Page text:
Of Note


Oral Hull Introduces Adventure Retreat


An exhilarating vacation reminiscent of youth summer camps, but with more comfortable accommodations and healthier food, awaits participants in a retreat offered to blinded and low-vision veterans by the Oral Hull Foundation for the Blind September 3-9 at its forested 22-acre site.

The property, located along the Sandy River at the base of Mt. Hood in Sandy, Oregon, will provide the backdrop for a week of social, recreational, and rehabilitation programs and activities that will facilitate the leaving of one’s comfort zone. The program seeks to affirm that blindness and low vision does not have to mean dependency and isolation.

Complete with a military déjà vu theme, the week will include activities such as water rafting and a man-overboard drill on the Deschutes River, a search and rescue mission that will take the group to Portland and back using iPhone apps, and reconnoitering work in the Mt. Hood National Forest on one of its many hiking trails. For an additional adrenalin rush, participants may tandem parachute jump with a qualified jumpmaster.

Cost of the six-night retreat, which includes twin bed, double occupancy rooms, and all meals and activities, is $500. Limited financial assistance is available for qualifying participants. Oral Hull provides ground transportation to bus, train, and airline terminals.

Oral Hull Foundation for the Blind is a 501(c)(3) nonprofit organization founded in 1962 “to provide a special place for persons with blindness or low vision and their friends to get away for a day, weekend, or week for an exceptional experience.”

For additional information about the program for veterans or any others, visit www.oralhull.org or call 503-668-6195.

Training Program Introduces More Condensed Format


America’s VetDogs began this past March to offer its accredited guide dog training in a 12-day program. The new curriculum offers a 2:1 student/instructor ratio and focuses on incorporating a blend of customized training formats to meet the specific lifestyles and needs of students while maximizing the training time in class for students and their dogs as they prepare for real-world situations.

“We are implementing this new approach in order to meet the needs of our blind and visually impaired applicants while also being respectful of our students’ time to commit to training with a guide dog,” said Wells B. Jones, CEO of America’s VetDogs. “This is an exciting change for the program. Our students will graduate with their dog in a shorter amount of time while gaining the real-world training targeted specifically to their lifestyles.”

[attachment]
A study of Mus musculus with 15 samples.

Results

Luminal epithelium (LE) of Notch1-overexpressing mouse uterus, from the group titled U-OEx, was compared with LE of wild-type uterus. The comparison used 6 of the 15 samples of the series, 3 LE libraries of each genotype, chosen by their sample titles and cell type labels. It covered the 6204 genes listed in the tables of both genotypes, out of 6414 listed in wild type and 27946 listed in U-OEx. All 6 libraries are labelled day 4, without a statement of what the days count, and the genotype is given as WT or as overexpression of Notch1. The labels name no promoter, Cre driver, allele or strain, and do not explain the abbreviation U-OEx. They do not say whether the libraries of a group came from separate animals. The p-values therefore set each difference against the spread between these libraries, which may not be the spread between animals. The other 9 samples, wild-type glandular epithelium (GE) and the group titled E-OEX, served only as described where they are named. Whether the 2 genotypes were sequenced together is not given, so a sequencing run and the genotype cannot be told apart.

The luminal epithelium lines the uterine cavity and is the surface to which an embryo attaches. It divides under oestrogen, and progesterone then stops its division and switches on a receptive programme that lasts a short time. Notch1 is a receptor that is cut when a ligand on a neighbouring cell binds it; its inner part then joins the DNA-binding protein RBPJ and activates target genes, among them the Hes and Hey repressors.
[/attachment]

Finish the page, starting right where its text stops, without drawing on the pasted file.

The hallmark of the VetDogs program is its meticulous matching program to ensure that each applicant is teamed with the guide dog that best suits that person’s personality, lifestyle, and physical needs. This refined training program now offers greater individualized training in concentrated sessions. While the student spends fewer days on campus, the amount of practical training actually increases. This represents a change from the previous four-week training.

In addition, because of the lower student-to-trainer ratio, students and instructors are able to cover their specific needs pertaining to their home environments by focusing on various training walks (urban, country, and night walks); mass transit situations, including train platforms, subway, and bus travel; traffic area training; and other types of conditions.

Students in class continue to participate in lectures on grooming and care for their dog, obedience practice, accessibility awareness and the Americans with Disabilities Act, and guide dog etiquette for non-guide dog users.

VetDogs still offers home training if it is determined that a student need is best met by this type of intensive training. The decision is made on a case-by-case basis.

For questions about the guide dog training program, visit www.VetDogs.org or contact America’s VetDogs Consumer Services Office at 866-282-8047.

Virginia Recreational Facility Open to Blinded Veterans


BVA members and friends interested in a restful getaway may wish to consider the Burkeville Lodge in Southern Virginia.

The lodge, a nonprofit organization associated with the Virginia Association of Workers for the Blind, has a swimming pool, pond for fishing and boating, a large gazebo that accommodates socializing, walking trails equipped with handrails, wireless Internet, books on tape, and games.

Semi-private and private rooms, with meals, are available beginning at $40 per night. The facility also rents to clubs, family reunions, and social gatherings.

For additional information, contact Susan at 434-767-4080 or by email at sga.harbison@gmail.com.